Wednesday, July 6, 2016

What I Ate Today: China Edition

Lately I've posted mostly photos of my travels, but little of my daily life in China. I'm packing up to leave on summer holiday, so I wanted to leave you with 31 days of posts that paint a picture of what it's like to live in China and what my current life is like. If you want to join in the sharing I'd love it if you would place a link in the comments back to your post. I hope you enjoy and have a great summer!

In Langfang, it's difficult to get real western food. There are several restaurants that serve westernish food, but the taste and quality is not very good. The price for these dishes is usually very expensive and not really worth it. Chinese food can be incredibly cheap and usually tastes pretty good. We do have a few American chain fast food restaurants in town, but I can't tolerate eating fast food that often.

In my opinion, there are two types of western restaurants in China. There are restaurants owned by westerners who understand how to cook the food and use quality ingredients. Unfortunately, they are mostly located in the large cities with a large expat population. A meal at one of these restaurants will usually run you a minimum of 100 rmb ($15.00+) per person, but you'll most likely have an enjoyable meal. The other type, which I refer to as westernish, are operated by Chinese locals who most likely never traveled to a western country or sampled real western food. They serve their idea of western food, which I assure you is very far from the real thing. Typically the dishes I've had at these restaurants are deep fried and overcooked. Some restaurants will serve freshly prepared items, but they aren't prepared in the same way. An odd combination of vegetables might be thrown in, just because. Don't expect to be served what your perception of the item is based on the menu description. Unless you've ordered it before, you never really know what you're going to get. A friend of mine calls it Chinese Western fusion, but I interpret that ironically. Meals at these restaurants are usually expensive, especially for what you get. You'll probably pay at least $10, and you'll leave with regret.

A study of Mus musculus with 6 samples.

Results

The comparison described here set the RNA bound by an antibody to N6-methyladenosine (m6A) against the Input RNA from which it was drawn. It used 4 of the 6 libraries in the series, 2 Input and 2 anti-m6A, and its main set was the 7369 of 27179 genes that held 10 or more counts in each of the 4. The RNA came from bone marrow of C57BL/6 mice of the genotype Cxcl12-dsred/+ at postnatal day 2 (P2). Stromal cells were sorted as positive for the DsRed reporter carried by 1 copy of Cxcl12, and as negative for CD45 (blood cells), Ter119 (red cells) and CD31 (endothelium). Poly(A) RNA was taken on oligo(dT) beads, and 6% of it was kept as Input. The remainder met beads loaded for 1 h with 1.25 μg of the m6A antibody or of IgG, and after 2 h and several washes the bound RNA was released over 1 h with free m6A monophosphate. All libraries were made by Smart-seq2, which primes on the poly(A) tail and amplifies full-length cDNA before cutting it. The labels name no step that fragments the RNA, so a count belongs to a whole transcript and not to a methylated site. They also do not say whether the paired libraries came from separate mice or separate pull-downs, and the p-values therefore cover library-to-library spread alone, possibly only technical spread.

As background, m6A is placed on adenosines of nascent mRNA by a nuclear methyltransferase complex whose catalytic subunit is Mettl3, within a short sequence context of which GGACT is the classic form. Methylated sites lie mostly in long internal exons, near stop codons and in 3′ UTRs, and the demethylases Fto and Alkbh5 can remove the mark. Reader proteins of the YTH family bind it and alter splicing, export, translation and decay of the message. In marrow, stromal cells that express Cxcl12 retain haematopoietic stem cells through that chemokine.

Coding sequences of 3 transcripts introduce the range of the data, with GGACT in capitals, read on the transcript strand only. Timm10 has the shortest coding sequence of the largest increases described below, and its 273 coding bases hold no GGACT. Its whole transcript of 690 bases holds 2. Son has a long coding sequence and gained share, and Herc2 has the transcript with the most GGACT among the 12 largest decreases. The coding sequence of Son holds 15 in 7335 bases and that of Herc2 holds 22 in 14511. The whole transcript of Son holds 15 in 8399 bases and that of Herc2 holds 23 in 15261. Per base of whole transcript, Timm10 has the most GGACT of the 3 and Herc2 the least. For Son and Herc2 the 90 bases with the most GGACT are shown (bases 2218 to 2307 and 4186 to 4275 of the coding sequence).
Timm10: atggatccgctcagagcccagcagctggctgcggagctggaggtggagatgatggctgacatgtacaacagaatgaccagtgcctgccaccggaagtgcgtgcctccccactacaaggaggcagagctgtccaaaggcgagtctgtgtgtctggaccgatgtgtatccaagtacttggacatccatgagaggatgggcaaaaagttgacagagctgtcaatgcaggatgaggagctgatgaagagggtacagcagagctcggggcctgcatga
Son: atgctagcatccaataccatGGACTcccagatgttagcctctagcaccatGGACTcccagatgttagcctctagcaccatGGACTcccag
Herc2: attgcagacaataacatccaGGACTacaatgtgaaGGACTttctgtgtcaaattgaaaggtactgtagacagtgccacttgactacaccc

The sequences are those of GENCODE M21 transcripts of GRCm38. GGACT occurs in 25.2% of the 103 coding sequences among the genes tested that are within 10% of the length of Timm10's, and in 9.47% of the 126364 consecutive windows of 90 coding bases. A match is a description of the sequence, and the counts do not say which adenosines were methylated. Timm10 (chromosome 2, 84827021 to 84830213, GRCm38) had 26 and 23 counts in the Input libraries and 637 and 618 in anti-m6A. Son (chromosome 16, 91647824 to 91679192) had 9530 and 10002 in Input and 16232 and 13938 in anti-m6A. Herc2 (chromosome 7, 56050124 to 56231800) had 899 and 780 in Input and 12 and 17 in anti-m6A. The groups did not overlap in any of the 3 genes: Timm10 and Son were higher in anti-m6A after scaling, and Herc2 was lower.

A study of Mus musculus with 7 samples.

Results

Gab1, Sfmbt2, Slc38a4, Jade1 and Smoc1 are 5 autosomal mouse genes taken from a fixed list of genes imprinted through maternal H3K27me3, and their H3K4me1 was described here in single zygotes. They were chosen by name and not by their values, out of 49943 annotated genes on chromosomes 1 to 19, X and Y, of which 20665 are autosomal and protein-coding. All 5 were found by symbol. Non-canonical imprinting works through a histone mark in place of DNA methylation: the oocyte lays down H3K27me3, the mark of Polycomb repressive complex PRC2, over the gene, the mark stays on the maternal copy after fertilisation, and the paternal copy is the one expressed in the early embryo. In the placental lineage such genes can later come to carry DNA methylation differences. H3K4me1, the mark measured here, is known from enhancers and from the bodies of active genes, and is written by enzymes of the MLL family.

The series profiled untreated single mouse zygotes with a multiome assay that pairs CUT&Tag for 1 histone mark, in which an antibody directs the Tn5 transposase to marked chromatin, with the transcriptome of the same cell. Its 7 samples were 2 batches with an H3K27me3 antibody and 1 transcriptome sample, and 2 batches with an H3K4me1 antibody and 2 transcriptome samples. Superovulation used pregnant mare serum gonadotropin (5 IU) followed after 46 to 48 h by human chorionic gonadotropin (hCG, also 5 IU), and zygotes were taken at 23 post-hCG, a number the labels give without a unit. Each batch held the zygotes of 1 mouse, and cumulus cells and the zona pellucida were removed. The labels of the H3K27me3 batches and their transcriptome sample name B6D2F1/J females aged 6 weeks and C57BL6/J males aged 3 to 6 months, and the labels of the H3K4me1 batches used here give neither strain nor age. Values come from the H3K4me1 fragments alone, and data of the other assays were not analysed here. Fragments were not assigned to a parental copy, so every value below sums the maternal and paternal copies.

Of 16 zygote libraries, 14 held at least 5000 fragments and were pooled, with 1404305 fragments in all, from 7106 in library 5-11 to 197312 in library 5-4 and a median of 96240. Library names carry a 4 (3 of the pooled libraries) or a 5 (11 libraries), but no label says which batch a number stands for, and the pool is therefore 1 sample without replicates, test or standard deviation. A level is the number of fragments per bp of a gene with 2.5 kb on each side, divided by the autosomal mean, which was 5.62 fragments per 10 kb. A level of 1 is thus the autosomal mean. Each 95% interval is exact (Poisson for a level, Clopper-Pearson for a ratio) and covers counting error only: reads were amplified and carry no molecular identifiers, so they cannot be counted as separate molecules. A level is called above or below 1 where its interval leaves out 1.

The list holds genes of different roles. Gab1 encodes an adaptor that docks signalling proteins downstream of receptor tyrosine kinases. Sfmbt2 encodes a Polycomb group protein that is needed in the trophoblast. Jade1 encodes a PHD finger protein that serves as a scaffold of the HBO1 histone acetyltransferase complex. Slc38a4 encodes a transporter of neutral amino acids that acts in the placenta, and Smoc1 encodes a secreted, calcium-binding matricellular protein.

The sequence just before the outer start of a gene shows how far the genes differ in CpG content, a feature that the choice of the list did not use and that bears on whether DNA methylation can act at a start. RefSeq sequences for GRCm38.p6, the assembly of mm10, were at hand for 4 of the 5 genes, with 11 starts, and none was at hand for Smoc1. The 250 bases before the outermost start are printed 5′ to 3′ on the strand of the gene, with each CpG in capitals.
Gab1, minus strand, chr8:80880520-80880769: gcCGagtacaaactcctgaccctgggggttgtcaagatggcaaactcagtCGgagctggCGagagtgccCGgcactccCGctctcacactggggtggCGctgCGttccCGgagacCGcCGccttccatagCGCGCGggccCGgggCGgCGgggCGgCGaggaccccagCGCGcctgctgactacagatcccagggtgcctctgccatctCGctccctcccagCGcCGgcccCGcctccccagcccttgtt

This is what I had for lunch today. I dined with another person so we shared some appetizers. The udon noodle dish was incredibly bland; I didn't even finish half of it. The fried shrimp and fried spring roles were just okay. I dipped them in the soy sauce on the table because they didn't offer anything other than ketchup (which I hate). They tasted like bad frozen meals from the freezer section that you try once and never again. There's little inside the breading and they're typically served over cooked. Blah. I usually try to avoid it, but occasionally I'm feeling optimistic, miss western food, and don't feel like cooking for myself. I'm preparing to leave for the summer so my fridge is nearly empty. Today I went for lunch around 3pm and all of my local Chinese restaurants are closed between lunch and dinner. The meal pictured below (plus a can of Coke and mango smoothie) cost 79 rmb or $11.80. Afterwards, I wished I had just gone to Subway or McD's. 

For dinner, I was invited to a BBQ by two of my university students. By BBQ I mean going to a restaurant that has an outdoor grill and tables, and ordering dishes like meat on a stick. It's often served on metal trays and we eat on little, metal stools at plastic picnic tables. (I try to eat at the restaurants that I know are Muslim, so at least you know the lamb is really lamb and you're eating good quality meat. You can spot them because the sign is in Chinese and also Arabic). 

There were three of us dining. I don't know the price because they invited me and Chinese custom dictates that the person who invites, pays. Here's a look at what we ordered: 

Salad of raw vegetable and vinegar dressing

Grilled Lamb

Grilled Bread

BBQ Tofu and Pork

Grilled Fish

BBQ Menu

What are your thoughts on Chinese food? 
What did you eat today?


  1. Your second meal looks amazing! I remember on our way home from 10 days in China, craving something simple from home. We ordered ham and cheese sandwiches and they were a little bit different, but a nice attempt. It's interesting to see what other cultures' takes on American food look like.

    1. That's funny you say that. A few days ago I had a take on ham and cheese here. In addition to the ham and cheese they added egg salad. They had even melted extra cheese on top of the bread even though the whole thing was served cold.